Working on a classic gunfight that took place in Florence, Arizona. The trick on these, in terms of getting it right, is to find the best scholar who has studied and written about it, and in this case that expert is my friend, John Boessenecker, who has no peer when it comes to any lawman or outlaw who ever took a step in the state of California.
From the Journal of Arizona History, Spring of 2012, John Boessenecker's "Pete Gabriel: Gunfighting Lawman of the Southwestern Frontier," here are my notes from John's excellent reporting:
John Peter Gabriel was born on November 17, 1838, in Kruft, Germany, the fourth of six children. When Pete was nine, his parents emigrated to the United States, settling with their brood in Grant County, Wisconsin. Two years later, in July 1850, Pete's father died at the age of sixty-two. Anna Gabriel could not support her family. So the 12-year-old boy was taken in by a prominent lawyer, who soon joined the California gold rush.
There, 16 miles north of Marysville in the Yuba River region he grew up among the rough gold miners and gamblers. In his early twenties he became by turns, a gold miner, a mule skinner and a guide.
"I was compelled to make a reconnaissance for the location of the road with one companion, a mountaineer named Peter Gabriel to whom I am much indebted for his self reliance, determined energy, and courage."
—Colonel Frederick W. Lander, in his official report, praising the young Gabriel while routing a wagon road that became known as Lander Cut-Off
Within a short time, Pete Gabriel was known wide and far for his bravery and he soon enough gravitated to being a lawman. Several times he was elected sheriff (once the vote was tied and the two candidates rolled dice to determine who would serve and Gabriel lost, taking it all with grace and humor). The only knock against him is that he suffered from severe mood swings which were exacerbated by drinking, which he tended to do a lot of (he had two ex-wives who would agree).
In November 1884, Pete Gabriel was elected by a 130-vote majority to his third and last two-year term as Pinal County sheriff in Arizona. He appointed thirty-nine-year-old Josephus Phy as his deputy. A miner and freighter, Joe Phy was born in Platte County, Missouri, on May 22, 1844. At age fifteen he ran away from home, eventually landing in Arizona, where he was taken in by attorney Granville Oury and his wife. Phy had been an unsuccessful candidate for Phoenix sheriff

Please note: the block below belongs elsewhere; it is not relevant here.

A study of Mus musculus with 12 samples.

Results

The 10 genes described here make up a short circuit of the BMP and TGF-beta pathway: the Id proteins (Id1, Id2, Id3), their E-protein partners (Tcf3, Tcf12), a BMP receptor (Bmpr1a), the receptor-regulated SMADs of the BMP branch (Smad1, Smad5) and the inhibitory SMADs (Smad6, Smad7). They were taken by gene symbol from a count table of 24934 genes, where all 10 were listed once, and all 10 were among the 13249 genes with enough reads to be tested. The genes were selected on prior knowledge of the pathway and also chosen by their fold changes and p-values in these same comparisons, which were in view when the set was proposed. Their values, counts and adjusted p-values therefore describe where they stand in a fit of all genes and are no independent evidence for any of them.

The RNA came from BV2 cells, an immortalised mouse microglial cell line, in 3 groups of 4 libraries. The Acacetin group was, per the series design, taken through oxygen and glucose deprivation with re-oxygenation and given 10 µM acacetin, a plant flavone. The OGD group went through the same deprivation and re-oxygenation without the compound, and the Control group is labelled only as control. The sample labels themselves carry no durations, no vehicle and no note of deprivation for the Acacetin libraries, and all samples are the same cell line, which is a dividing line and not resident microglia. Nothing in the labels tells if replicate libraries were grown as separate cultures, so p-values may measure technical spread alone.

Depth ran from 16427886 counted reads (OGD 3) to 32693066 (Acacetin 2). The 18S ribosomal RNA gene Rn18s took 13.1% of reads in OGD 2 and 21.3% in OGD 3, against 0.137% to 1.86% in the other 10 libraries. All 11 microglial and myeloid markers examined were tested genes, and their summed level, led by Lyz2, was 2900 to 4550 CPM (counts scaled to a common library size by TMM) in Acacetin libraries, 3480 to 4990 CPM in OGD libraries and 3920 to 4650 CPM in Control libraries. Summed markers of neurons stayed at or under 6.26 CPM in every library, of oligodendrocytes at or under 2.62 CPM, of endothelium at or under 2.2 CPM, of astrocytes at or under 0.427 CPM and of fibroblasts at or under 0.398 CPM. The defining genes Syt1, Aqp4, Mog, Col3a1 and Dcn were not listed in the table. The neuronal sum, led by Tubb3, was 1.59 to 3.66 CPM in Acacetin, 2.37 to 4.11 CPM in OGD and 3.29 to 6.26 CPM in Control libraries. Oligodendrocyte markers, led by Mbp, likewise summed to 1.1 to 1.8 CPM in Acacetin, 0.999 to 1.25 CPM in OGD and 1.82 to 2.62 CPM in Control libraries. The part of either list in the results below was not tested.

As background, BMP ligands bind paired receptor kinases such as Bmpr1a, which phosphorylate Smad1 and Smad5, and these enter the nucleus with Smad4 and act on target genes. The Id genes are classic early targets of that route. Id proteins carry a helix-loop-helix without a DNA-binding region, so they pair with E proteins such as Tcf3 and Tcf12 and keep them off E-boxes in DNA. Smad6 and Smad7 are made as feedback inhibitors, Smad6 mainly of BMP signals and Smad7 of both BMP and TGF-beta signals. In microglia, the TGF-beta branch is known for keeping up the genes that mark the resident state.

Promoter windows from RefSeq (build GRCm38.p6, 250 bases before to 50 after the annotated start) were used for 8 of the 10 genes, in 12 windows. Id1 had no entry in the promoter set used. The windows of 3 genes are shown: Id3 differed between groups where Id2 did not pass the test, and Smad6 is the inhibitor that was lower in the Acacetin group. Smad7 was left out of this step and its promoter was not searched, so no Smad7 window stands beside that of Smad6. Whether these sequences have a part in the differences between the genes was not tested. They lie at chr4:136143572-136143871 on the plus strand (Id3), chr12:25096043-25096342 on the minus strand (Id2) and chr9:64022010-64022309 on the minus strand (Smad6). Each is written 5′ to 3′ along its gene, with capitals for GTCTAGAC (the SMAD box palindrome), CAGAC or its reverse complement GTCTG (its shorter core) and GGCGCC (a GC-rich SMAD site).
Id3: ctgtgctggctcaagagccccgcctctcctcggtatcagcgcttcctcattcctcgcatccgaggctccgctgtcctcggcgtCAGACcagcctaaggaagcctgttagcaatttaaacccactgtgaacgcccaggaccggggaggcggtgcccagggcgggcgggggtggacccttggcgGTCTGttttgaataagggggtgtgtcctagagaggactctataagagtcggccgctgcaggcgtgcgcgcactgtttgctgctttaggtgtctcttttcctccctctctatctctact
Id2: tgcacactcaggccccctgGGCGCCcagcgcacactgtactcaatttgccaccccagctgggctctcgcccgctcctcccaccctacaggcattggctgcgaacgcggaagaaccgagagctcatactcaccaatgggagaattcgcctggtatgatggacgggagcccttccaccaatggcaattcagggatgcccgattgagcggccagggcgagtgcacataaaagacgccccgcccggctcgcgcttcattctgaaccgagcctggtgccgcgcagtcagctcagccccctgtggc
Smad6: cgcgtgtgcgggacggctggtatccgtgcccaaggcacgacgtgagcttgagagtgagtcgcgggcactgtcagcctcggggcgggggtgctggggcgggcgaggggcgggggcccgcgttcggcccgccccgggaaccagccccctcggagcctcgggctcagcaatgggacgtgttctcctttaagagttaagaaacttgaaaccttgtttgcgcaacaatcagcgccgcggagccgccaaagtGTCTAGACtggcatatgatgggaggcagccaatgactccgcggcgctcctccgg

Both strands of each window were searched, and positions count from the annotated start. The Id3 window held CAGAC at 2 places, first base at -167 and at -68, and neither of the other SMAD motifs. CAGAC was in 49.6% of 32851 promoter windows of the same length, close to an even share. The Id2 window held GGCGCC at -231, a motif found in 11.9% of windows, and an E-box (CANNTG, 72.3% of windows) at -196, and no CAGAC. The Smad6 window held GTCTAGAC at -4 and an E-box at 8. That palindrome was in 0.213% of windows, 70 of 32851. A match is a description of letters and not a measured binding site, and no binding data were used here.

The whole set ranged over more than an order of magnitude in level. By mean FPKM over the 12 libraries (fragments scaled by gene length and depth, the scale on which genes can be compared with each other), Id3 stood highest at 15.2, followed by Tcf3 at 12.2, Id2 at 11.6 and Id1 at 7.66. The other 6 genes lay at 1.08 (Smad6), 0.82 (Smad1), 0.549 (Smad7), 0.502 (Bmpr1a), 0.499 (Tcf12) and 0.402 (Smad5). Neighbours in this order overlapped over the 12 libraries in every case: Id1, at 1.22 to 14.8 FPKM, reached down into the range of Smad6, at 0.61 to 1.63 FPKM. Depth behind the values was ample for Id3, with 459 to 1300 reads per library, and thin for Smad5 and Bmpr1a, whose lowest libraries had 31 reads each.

in 1872, and later served at times as a Maricopa County deputy sheriff. In 1878, he was appointed a deputy U.S. marshal. Phy neither drank or smoked, but he had one trait he shared with Gabriel: he too had a bad temper.
In 1886 Gabriel was going to retire from lawing and he threw his support behind his deputy, but then Phy pistol-whipped a teamster in Casa Grande who had allegedly misquoted him and Gabriel had to arrest his deputy and then fire him. That is when the bad blood started between the two former friends.
By the spring of 1888, Gabriel was working his Monitor Mine at the head of Mineral Creek in the Dripping Springs Mountains northeast of Florence. Four miles distant, he erected a stamp mill for crushing ore.
On the morning of May 31, 1888, Pete Gabriel, accompanied by his friend Mike Rice, left his mine near Riverside in a buggy, headed for
Florence. Rice recalled , "As was usual with Gabriel on such trips he had a quart of devil water along and imbibed freely of its contents. When we arrived in Florence Gabriel was practically all in."
When they arrived in Florence, Gabriel retired to the Tunnel Saloon, where he continued drinking and soon enough he heard that Phy was gunning for him. Sure enough, at eight p.m. Phy showed himself in the doorway of the saloon and the ball opened. Eleven shots were fired. Both men were hit multiple times and Gabriel took a point-blank shot to his chest. He never lost his feet.
Phy died, but against all odds, Gabriel survived his serious wounds and within a month he was back up and running. But the fight haunted him. The following sums up that claim and then some:
Mike Rice recalled, "the killing of Phy preyed on him as long as he lived. He expressed his regrets to me on many occasions. It worried him in his waking and sleeping hours to the extent that he was often irrational on the subject. Once on the desert, while we were occupying the same blankets, he dreamt of his encounter with Phy and in a somnambulistic condition fired off every shot
in his gun, at the same time exclaiming, 'Joe, Joe, Joe!'"'
He was still shooting at ghosts in the Tunnel Saloon. Pete's friend ends with this comment:
"After this incident I never traveled alone with Pete Gabriel."